Inside the Classroom: Mallory Thomas at Frenship High School

Read the Q & A below to find out more about Thomas’ ASL program below:

Q: How many ASL classes does FHS have?

A: I have about one hundred-twenty students in levels one, two and three.

Q: How do you conduct your ASL classes?

A: Basically, I teach through immersion, so I am rarely every using my voice in class. This helps to assure the students are dependent on the actual acquisition of ASL in class. It also gives them the perspective of how a deaf person would feel. That is really important for me to help students realize that you can’t always rely on your voice for people to understand you. It’s a challenge for Freshmen who are scared, and sweet, but once they get to level two, they are super comfortable with me just signing. We tell funny stories at the beginning of class, just to get them back into signing after the couple of days off for the weekend.

Q: What types of projects do your classes participate in?

A: My level three students are looking into signing the National Anthem at the home Football games. My level two students are going to start learning about deaf artists; they will mimic an artist’s piece, create one of their own, and then present it to the class. We will also do a deaf Artober, where we will follow a deaf friend of mine, using those ideas each day by bringing them into the classroom to consider deaf culture and use our ASL knowledge.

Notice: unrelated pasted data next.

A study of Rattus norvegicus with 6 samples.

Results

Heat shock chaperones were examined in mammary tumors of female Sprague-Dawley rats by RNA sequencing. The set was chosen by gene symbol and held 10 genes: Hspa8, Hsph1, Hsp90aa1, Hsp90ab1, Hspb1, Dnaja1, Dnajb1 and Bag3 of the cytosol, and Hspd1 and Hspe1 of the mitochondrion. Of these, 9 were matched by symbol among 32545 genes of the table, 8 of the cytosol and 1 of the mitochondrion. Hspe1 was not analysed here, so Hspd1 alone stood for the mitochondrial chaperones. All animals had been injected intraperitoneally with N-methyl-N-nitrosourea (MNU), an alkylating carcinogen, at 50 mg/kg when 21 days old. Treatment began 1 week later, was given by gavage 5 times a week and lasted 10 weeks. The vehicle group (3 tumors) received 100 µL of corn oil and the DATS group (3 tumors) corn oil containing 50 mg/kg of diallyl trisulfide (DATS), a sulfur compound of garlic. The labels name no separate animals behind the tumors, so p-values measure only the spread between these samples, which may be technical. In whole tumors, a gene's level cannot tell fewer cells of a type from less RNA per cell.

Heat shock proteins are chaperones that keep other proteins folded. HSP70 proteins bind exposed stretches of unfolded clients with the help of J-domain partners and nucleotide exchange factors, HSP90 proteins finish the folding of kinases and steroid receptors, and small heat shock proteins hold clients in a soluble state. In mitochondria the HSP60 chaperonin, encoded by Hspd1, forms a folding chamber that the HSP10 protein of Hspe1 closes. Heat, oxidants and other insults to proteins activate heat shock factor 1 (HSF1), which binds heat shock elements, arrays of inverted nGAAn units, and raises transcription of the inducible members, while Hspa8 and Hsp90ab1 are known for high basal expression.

Q: Tell us about the Level Two student’s design project they recently completed.

A: My level two students were learning about different textiles and different articles of clothing and then ASL signs that correlate with those English words.  They had to make a portfolio of different outfits, and it was really awesome to see how creative they got. Then they came up in front of the class and presented their two favorite outfits in full ASL.

Q: How do you think ASL and the things your students learn in your class help them with their futures?

A: I think the awareness that they get is the best part. Even just through my experience as a hearing person being part of the deaf community, I am able to help my deaf friends. I tell my students that it’s the best feeling when you can help someone that most people look over, who are marginalized and discriminated against because they are deaf. It is just awesome to teach kids inclusivity and the vitality of empathy, and know that  just because they learned ASL they can help someone.